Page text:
Top execs from the central banks of Europe, Canada, Japan, Sweden, Switzerland, and the UK — as well as the Bank of International Settlements — formed the group in January to set governance standards digital currencies.
It will reportedly discuss how central bank digital currencies (CBDCs) can make international transactions more convenient, as well as strategies for keeping such systems secure.
The move is seen as a response to Facebook’s plans to issue its own ‘cryptocurrency,’ Libra.
Still in development, it had regulators worldwide whipped into a frenzy for the better part of last year, who feared privately-issued digital currencies could undermine demand for fiat, specifically the Euro.
China’s digital currency plan unsettles Japan
China too plans to issue digital yuan, with its government already preparing communist party cadres for the technology with an official digital currency handbook.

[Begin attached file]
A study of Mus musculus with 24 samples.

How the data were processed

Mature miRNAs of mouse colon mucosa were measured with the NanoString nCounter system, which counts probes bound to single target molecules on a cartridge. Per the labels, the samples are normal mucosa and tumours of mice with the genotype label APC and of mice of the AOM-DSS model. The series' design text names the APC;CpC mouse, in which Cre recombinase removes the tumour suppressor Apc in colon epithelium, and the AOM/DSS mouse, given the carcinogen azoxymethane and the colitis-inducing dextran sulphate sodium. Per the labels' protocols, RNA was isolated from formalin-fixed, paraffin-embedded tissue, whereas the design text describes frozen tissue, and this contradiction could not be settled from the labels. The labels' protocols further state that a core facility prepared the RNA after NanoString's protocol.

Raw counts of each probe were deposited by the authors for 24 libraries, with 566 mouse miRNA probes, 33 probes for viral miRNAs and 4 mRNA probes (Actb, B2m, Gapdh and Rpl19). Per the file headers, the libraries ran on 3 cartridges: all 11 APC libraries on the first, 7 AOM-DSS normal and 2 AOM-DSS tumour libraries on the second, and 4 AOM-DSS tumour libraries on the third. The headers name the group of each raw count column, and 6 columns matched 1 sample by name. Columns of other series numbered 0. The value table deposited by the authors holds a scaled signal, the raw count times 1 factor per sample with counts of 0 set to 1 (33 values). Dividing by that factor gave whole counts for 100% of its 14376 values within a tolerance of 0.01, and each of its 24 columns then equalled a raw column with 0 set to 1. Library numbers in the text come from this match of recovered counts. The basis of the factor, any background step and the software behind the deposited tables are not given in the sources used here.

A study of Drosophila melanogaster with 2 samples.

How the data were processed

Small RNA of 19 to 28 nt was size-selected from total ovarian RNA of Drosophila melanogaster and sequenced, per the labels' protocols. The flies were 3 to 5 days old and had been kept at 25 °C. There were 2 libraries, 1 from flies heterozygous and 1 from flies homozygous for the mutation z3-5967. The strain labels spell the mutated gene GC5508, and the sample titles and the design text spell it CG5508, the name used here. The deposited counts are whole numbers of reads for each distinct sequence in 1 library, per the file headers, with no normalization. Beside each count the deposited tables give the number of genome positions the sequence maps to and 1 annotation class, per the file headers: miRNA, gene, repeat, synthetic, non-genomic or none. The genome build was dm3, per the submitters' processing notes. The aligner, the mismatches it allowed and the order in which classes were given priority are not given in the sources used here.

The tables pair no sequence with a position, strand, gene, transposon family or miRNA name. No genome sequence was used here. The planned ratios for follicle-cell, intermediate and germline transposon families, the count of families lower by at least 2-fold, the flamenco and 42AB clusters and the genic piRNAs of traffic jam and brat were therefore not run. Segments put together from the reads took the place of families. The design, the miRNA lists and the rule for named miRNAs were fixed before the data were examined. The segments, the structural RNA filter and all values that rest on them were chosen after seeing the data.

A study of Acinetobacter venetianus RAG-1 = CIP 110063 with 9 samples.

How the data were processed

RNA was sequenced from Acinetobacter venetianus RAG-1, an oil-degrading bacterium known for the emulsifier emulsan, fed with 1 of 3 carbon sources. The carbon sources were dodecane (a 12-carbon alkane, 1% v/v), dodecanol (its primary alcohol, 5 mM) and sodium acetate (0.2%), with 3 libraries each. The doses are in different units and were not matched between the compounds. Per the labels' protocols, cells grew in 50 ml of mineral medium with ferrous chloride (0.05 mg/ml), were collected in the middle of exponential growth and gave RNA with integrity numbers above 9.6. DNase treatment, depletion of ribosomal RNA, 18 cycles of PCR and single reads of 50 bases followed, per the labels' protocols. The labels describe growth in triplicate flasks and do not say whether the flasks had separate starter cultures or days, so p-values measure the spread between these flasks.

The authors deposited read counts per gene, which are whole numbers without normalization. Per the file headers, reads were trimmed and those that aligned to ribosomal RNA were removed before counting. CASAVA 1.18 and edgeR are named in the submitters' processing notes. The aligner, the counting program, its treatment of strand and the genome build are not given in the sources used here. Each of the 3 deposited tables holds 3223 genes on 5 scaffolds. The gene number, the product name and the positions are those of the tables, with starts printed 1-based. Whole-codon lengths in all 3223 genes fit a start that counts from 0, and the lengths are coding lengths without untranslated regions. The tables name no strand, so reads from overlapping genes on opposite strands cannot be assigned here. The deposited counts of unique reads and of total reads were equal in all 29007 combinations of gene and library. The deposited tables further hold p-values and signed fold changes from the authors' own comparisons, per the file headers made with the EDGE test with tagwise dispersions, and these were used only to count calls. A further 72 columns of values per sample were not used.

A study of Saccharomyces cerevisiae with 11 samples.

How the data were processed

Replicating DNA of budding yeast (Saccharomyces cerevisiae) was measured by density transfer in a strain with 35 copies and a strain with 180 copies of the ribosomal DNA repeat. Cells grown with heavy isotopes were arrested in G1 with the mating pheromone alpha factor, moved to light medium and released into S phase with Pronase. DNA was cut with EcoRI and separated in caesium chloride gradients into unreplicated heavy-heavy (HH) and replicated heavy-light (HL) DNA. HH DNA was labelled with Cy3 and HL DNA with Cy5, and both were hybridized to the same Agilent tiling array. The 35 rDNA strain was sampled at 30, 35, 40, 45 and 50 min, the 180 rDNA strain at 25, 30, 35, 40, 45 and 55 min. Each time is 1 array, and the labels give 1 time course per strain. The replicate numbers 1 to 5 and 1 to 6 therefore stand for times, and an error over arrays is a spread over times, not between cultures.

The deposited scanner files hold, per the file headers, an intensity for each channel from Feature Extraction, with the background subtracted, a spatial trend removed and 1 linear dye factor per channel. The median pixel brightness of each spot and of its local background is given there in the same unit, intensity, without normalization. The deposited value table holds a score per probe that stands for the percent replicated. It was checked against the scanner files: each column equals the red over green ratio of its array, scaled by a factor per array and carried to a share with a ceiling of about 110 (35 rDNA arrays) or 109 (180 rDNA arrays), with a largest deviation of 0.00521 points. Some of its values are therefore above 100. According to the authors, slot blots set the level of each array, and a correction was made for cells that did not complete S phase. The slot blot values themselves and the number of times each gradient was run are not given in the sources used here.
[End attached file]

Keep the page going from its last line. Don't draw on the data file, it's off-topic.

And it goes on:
This prospect has already ruffled feathers, specifically in Japan, where a senior lawmaker said he senses the digital yuan represents “a challenge to the existing global reserve currency system and currency hegemony.”
He then called for closer co-operation with the US on the matter, Bloomberg noted Thursday, adding that proposals for preparing Japan’s economy for digital currencies were to be published Friday.
A former Bank of Japan (BoJ) exec reportedly noted in a separate interview that Japan’s economic power and influence in the mid-to-long term would decline if China’s digital yuan is more widely used than the yen.
At present, BoJ doesn’t have an official plan to issue digital currency, but considering its the only Asiatic member of the recently-formed central bank ‘think tank,’ odds are we’ll be see one announced after the group presents its interim findings in June.